It has been so long since I have invoked the spirit of "immutable work practices" in attacking a really stupid human-interface design that I probably ought to quote the last time I cited the concept:
Graham Button has lectured and published long and hard about the problems of introducing a new technology in a workplace; and the problem that most concerns him is that any work setting has its own "immutable work practices" (his words) before the new technology is introduced. If the learning curve for the new technology does not take those immutable practices into account, the new technology many lower productivity rather than raise it.
These days, however, new technologies are not only deployed for the sake of workplace productivity; they are also deployed to provide customers with new "features." Note the use of the scare quotes, because Button's case for counterproductivity is just as applicable to customers as it is to workers.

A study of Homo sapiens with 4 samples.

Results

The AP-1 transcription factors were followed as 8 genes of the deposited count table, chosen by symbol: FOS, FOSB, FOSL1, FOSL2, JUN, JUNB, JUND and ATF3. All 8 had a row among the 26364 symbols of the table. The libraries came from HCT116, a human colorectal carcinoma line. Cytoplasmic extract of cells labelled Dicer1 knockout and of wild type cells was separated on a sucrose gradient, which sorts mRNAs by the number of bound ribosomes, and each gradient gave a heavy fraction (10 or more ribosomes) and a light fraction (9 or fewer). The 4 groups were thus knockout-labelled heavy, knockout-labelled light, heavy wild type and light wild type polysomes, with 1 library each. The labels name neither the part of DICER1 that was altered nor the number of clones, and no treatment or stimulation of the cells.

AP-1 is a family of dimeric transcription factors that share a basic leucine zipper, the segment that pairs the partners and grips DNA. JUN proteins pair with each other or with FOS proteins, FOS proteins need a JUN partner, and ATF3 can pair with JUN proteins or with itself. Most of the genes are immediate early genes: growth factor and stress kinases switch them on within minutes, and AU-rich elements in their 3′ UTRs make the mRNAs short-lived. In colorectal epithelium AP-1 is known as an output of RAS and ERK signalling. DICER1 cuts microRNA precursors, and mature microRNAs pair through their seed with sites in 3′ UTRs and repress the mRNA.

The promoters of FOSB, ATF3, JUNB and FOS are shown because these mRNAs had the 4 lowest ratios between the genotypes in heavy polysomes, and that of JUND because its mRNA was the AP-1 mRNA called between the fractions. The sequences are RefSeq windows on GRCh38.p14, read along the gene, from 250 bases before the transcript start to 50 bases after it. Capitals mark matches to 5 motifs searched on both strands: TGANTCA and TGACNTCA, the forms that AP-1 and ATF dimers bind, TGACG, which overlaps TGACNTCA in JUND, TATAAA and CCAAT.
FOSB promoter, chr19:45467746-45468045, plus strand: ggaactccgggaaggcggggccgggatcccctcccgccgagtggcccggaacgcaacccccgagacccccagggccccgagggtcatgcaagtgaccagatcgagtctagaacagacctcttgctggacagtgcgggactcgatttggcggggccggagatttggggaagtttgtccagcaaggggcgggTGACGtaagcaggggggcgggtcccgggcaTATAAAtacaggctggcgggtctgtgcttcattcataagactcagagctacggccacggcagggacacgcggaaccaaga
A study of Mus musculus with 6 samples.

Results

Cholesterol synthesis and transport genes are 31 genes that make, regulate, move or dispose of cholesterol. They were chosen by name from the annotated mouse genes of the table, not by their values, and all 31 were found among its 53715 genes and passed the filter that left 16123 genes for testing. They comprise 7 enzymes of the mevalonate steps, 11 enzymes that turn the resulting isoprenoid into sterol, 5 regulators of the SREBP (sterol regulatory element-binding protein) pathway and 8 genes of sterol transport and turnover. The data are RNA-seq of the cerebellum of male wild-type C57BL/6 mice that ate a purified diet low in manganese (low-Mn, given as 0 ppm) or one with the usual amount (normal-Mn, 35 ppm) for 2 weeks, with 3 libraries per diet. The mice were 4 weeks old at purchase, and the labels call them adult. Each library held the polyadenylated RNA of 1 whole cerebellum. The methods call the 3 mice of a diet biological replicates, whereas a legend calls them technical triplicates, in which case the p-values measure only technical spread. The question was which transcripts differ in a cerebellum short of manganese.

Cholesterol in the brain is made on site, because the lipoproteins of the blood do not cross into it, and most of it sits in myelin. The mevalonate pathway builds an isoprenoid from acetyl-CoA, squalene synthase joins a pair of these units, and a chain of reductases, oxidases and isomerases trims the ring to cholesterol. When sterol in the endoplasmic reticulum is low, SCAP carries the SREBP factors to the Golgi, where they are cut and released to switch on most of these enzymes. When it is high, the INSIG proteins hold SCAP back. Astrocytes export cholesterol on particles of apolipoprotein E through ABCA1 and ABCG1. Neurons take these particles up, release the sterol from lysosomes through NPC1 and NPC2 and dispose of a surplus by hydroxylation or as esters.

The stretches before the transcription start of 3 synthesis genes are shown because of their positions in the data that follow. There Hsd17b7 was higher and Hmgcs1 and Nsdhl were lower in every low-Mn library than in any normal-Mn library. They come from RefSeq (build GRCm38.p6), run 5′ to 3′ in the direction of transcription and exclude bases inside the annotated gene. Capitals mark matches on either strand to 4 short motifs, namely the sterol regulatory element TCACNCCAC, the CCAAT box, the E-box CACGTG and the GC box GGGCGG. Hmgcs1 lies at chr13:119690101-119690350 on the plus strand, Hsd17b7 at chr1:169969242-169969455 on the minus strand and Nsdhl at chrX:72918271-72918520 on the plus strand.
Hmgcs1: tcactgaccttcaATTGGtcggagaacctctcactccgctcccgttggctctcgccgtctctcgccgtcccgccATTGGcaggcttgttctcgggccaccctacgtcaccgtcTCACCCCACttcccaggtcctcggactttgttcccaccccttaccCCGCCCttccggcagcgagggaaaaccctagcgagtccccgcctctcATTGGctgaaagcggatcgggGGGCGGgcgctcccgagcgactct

This is precisely what has happened with Chase's recent rollout of new "DepositFriendly" (as the brochure states) ATMs. The key problem is that they deployed the technology without providing sufficient notification to the customers. The brochure is brief and easy to understand, but if you do most of your banking through your computer from home, chances are that you did not see one. (I certainly did not.)
I am the sort of person who prepares my ATM deposit envelope at home. That allows me to spend the least time fiddling around (and making those behind me impatient) when actually using the ATM. So I approached the new machine with my old habits, fed it the deposit envelope, and it jammed up the works! It turns out that DepositFriendly means you now feed both checks and paper money directly into the machine! So, in the interest of being efficient, I made life more difficult for those behind me, since I basically knocked the machine out of commission. At least I kept a civil tongue while venting my frustration, which is more than I can say for the guy next to me, trying to cope with his machine.
I like the way Chase has decided to call this their "worry free" solution. Apparently, they did not run many real-world tests on their new equipment. I shudder to think what these dummies will come up with for their next innovation!